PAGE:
Apr 26, 2024

Categories: External Links, News

The Saskatchewan Cancer Agency (SCA) wants to make sure people don’t turn the other cheek when it comes to one of the most diagnosed forms of cancer.

The Saskatchewan Cancer Agency (SCA) is promoting the importance of colorectal cancer screening with the Cover your butt awareness campaign. The cheeky play on words is a call to action for residents aged 50 to 74 to complete the FIT (fecal immunochemical test) kit every two years. It could save your life.

The Cancer Agency’s Screening Program for Colorectal Cancer (SPCRC) mails FIT kits to eligible Saskatchewan residents between the ages of 50 and 74. The FIT is a quick and easy test that can be done in the comfort and privacy of your own bathroom.  

Colorectal cancer is the second most diagnosed form of cancer and the second leading cause of cancer deaths in Saskatchewan. 

Since these types of cancer often develop slowly with few, if any, early warning symptoms, Dr. Hendrik du Plessis, General Surgeon and Medical Advisor to the SPCRC, says regular screening is the best way to prevent or detect colorectal cancer before it’s too late. 

“Approximately 90 per cent of colorectal cancers can be prevented or successfully treated if caught early,” says Dr. du Plessis.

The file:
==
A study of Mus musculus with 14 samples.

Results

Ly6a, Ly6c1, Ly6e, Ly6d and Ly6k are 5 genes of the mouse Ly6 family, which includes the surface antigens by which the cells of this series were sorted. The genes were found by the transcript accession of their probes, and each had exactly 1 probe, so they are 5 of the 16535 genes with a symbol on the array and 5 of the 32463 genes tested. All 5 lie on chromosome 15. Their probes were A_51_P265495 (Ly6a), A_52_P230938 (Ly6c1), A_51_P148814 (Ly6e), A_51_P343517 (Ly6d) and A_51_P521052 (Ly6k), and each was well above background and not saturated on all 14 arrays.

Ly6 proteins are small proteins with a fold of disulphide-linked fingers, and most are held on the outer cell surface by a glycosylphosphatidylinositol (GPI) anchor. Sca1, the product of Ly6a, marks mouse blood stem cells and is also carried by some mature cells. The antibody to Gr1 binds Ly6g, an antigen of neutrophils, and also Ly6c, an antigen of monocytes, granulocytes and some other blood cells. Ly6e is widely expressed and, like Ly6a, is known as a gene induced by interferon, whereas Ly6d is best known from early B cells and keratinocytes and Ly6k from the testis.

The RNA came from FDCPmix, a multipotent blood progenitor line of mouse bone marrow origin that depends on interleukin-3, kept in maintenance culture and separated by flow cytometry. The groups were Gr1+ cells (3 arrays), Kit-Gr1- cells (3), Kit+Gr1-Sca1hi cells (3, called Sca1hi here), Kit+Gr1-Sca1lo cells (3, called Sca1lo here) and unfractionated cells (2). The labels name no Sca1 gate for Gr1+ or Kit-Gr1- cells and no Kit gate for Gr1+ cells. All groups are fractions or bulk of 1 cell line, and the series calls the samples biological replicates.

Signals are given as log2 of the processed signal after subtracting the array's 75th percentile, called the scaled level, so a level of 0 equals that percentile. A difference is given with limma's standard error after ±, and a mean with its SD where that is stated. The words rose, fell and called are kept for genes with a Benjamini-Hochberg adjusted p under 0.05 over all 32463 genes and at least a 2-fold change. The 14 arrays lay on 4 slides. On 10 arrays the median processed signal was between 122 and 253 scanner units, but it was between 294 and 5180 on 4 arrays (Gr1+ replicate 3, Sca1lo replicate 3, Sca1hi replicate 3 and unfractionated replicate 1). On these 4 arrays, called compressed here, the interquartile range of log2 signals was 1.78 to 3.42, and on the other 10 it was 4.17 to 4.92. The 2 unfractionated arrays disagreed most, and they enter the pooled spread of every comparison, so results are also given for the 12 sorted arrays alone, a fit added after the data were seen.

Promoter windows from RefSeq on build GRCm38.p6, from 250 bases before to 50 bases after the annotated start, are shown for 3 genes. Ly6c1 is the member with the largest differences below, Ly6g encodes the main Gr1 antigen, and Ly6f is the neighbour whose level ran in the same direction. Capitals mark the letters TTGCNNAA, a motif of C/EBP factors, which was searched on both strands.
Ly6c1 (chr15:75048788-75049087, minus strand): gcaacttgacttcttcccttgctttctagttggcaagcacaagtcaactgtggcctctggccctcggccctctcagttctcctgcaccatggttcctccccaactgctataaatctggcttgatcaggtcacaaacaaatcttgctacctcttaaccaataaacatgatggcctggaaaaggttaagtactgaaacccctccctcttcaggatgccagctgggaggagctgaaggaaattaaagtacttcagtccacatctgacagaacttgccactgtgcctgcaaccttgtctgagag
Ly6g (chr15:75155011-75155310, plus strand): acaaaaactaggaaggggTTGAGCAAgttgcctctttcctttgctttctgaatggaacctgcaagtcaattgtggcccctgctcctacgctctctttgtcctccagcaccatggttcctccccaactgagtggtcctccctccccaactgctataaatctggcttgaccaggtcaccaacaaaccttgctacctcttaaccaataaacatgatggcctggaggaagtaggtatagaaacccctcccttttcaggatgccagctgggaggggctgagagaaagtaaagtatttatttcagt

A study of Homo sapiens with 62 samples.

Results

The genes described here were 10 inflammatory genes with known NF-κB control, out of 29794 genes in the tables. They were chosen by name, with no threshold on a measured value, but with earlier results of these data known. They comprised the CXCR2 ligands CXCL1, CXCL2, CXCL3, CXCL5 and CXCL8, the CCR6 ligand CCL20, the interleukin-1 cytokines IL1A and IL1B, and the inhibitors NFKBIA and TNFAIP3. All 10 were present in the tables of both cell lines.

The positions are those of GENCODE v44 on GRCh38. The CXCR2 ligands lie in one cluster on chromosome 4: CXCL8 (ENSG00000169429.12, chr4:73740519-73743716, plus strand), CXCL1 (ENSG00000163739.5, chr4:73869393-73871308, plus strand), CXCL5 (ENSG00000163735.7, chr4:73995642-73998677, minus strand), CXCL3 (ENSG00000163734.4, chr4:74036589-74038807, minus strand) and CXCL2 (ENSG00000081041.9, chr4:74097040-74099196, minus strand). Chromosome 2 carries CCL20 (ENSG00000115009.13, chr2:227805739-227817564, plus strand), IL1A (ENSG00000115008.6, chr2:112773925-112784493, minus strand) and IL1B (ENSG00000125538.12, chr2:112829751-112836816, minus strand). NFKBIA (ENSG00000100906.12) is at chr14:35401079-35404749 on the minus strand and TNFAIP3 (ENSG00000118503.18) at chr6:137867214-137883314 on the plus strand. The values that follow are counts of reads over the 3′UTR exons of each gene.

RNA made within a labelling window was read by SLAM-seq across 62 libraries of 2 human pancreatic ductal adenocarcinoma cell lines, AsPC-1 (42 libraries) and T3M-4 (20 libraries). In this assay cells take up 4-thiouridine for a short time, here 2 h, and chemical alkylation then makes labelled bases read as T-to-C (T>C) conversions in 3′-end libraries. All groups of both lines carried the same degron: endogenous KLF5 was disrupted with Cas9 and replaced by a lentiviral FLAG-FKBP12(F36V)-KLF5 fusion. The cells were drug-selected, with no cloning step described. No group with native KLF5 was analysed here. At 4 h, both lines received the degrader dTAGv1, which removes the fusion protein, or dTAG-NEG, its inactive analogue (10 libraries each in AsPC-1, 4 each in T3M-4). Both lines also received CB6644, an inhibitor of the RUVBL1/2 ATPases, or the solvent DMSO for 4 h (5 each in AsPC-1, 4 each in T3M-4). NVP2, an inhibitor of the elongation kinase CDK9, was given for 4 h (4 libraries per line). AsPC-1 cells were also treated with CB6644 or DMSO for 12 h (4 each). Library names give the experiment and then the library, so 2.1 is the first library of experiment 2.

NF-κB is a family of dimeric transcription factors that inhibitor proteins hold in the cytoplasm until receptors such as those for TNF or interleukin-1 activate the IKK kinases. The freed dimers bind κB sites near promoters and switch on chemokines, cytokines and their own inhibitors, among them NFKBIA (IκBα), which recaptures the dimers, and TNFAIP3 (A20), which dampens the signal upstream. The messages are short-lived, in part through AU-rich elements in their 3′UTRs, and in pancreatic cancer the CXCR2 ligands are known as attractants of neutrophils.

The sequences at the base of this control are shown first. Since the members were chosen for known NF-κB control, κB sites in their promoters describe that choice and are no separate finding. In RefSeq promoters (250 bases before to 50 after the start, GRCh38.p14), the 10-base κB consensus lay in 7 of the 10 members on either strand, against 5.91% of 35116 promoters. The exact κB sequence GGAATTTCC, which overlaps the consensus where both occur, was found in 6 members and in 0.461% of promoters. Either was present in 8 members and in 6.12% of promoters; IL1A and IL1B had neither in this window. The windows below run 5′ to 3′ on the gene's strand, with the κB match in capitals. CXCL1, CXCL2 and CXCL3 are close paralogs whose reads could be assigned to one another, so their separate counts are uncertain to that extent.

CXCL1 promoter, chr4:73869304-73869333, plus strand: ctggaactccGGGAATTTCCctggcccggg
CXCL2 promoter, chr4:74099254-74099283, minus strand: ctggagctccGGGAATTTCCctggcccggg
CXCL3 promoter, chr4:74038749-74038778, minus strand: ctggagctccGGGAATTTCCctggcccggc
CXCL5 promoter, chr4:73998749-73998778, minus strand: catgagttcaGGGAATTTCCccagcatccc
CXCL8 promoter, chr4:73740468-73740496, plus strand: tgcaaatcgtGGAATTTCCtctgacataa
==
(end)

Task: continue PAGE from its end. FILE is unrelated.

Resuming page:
From 2015 to 2020, the number of new colorectal cancer diagnoses has steadily declined in the 50 to 74 age group in Saskatchewan. 

“Our screening program is making a difference,” says Dr. du Plessis. “As we continue to raise awareness about the benefits of the FIT kit and convince more people to complete the test, the more lives we can save.”

Saskatchewan has one of the highest colorectal screening participation rates in Canada at 44 per cent, but there’s still room for improvement. The SCA hopes their multifaceted public awareness campaign helps to further increase participation.

Learn more at You can also like and share the SCA’s social media posts about colorectal cancer to help spread the word and, ultimately, save lives; links can be found on the SCA website's home page.